Condo deconversion is being forced on all owners. Is that fair?

Q: My daughter purchased her first home – a one bedroom condominium in a suburb of Chicago back in 2017. Recently, she was notified that the building was going to go through a condo deconversion become a rental building. We are questioning all parts of this move as very little real information has been made available.

Is it legal to deconvert a condo building? It seems like she has no choice in the matter. The price they’re offering is the same for all one bedroom condos. This seems unfair as her condo has been updated and she has all new appliances and granite in the kitchen. She also updated her electric main panel box.

This is her condo and she planned to stay until she could buy a small house. And, it seems like it would be difficult for her to sell it herself now. Can you give us some guidance?


But just because it’s legal, doesn’t mean it’s easy to do. A condo conversion will require giving notice to all of the tenants. The investor must satisfy any state or local laws regarding the timing of the notice you must give to the tenants, the time they have to move out if their leases are expiring, and any options the tenants may have to purchase units in the newly converted building.

With a deconversion, the investor buyer may buy up condo units one by one or may make an offer to the building as a whole for all of the units. Here again, the investor buyer must abide by any local or state laws governing the purchase of the condominium units. Plus the investor must also comply with the condominium associations governing documents.

Condo Reserves: Buyer Beware

Your daughter bought into a condominium building that has certain governing documents. Those documents may permit the sale of the building as a whole. But, and here’s the big but, the association documents could require 100 percent agreement by each owner of the building to sell to the developer. Other governing documents may provide for a lower number of say two-thirds or three-quarters of the owners to agree to the sale.

By the way, when we talk about the percentage ownership agreeing to sell, that usually means the percentage of owners given their ownership interest in the building. A one-bedroom condo likely has a smaller percentage ownership in a building than a three bedroom condo. So you can still sell the building once you reach the percentage of ownership provided for in the governing documents or applicable laws.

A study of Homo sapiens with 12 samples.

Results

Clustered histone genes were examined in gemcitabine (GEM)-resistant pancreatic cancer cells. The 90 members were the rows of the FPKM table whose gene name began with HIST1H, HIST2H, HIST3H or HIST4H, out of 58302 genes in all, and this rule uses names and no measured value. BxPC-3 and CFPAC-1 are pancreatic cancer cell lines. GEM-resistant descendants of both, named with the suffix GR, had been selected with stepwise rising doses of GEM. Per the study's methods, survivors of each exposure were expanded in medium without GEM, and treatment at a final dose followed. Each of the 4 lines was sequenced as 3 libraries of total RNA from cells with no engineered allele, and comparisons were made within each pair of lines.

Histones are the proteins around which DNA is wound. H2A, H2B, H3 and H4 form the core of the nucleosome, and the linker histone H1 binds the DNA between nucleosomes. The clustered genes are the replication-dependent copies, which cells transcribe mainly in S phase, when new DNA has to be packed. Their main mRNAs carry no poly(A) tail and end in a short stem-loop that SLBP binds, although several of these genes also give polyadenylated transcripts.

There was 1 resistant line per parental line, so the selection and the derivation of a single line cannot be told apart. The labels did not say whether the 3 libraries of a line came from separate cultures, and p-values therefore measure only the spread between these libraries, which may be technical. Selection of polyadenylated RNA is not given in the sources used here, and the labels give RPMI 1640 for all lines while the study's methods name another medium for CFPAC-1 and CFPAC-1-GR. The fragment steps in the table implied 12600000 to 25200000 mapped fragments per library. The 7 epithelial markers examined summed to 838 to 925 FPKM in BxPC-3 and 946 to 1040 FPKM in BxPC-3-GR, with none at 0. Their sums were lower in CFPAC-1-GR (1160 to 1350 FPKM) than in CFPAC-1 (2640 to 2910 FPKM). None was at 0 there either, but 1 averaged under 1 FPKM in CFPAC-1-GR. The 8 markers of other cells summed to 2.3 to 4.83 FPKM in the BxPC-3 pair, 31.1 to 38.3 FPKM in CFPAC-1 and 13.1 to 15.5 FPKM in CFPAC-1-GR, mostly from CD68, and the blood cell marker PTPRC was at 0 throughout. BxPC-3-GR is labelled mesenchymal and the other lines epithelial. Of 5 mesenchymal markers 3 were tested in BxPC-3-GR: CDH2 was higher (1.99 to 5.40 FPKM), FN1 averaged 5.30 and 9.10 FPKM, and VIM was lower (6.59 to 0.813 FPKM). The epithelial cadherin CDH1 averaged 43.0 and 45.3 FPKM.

Some local and state laws require a certain minimum threshold of owners to agree before the property can be deconverted. In Chicago, 85 percent of the condo owners must vote to pass the deconversion. We suspect that the prospective buyer of your daughter’s building has made an offer for the building as a whole.

Condo Reserves: A Growing Issue

Now, all of the unit owners will get together to discuss the offer from the investor. They will get time to decide whether to vote in favor of selling to the investor. The building will then set up a time for a vote. If the vote passes, and complies with the requirements of the governing documents and applicable law, the building will be sold to the investor.

In some situations, dissenting unit owners may have the right to go down a different road with the investor, but that depends on the governing documents or applicable laws. For example, a dissenting unit owner may request that their unit be appraised and be paid the appraised value.

Sam has worked on many deconversions. He has found that investors prefer to get all of the owners to agree to sell and get the deal done all at once. So, investors might approach individual unit owners and try to persuade them to vote in favor of the sale. At that point, your daughter could let the investors know about the improvements she made to the unit and hope they agree to pay her extra for the improvements. If they offer her enough, it might make it worth her while to sell to the investor.

Condo Deconversion Might Net Owner More Money

Another thing to note. Frequently, investors are only willing to proceed with condo deconversions when the investor can offer more than the going rate for the units. In this case, your daughter should be able to get more from the sale to the investor than if she tried to sell the unit in the open market. The reason for this is that most unit owners won’t sell to the investor if the investor is paying them less than what they would get if they sold with a broker. The unit owners will only agree to sell if they do well with the sale.

We’ve heard that in Florida, there is talk of having older condo buildings deconvert. Some of this is due to recent legislation that requires condo associations to have sufficient funds on hand to make necessary repairs to their buildings. In some cases, condo buildings are increasing monthly assessments to balance out reserve funds with required improvements. But some buildings are sending out extremely expensive special assessment notices.

If the owners don’t have the funds to pay for these special assessments, they try to sell their properties. If enough owners try to sell at once, it drives down the property values. A savvy investor would step in at that point and offer to buy the condo building. The investor can make the repairs and then rent out the units.

At the end of the day, if every unit owner in your daughter’s building votes to deconvert, she will have to go along with that. It is one of the challenges of owning a condo versus owning a single family home.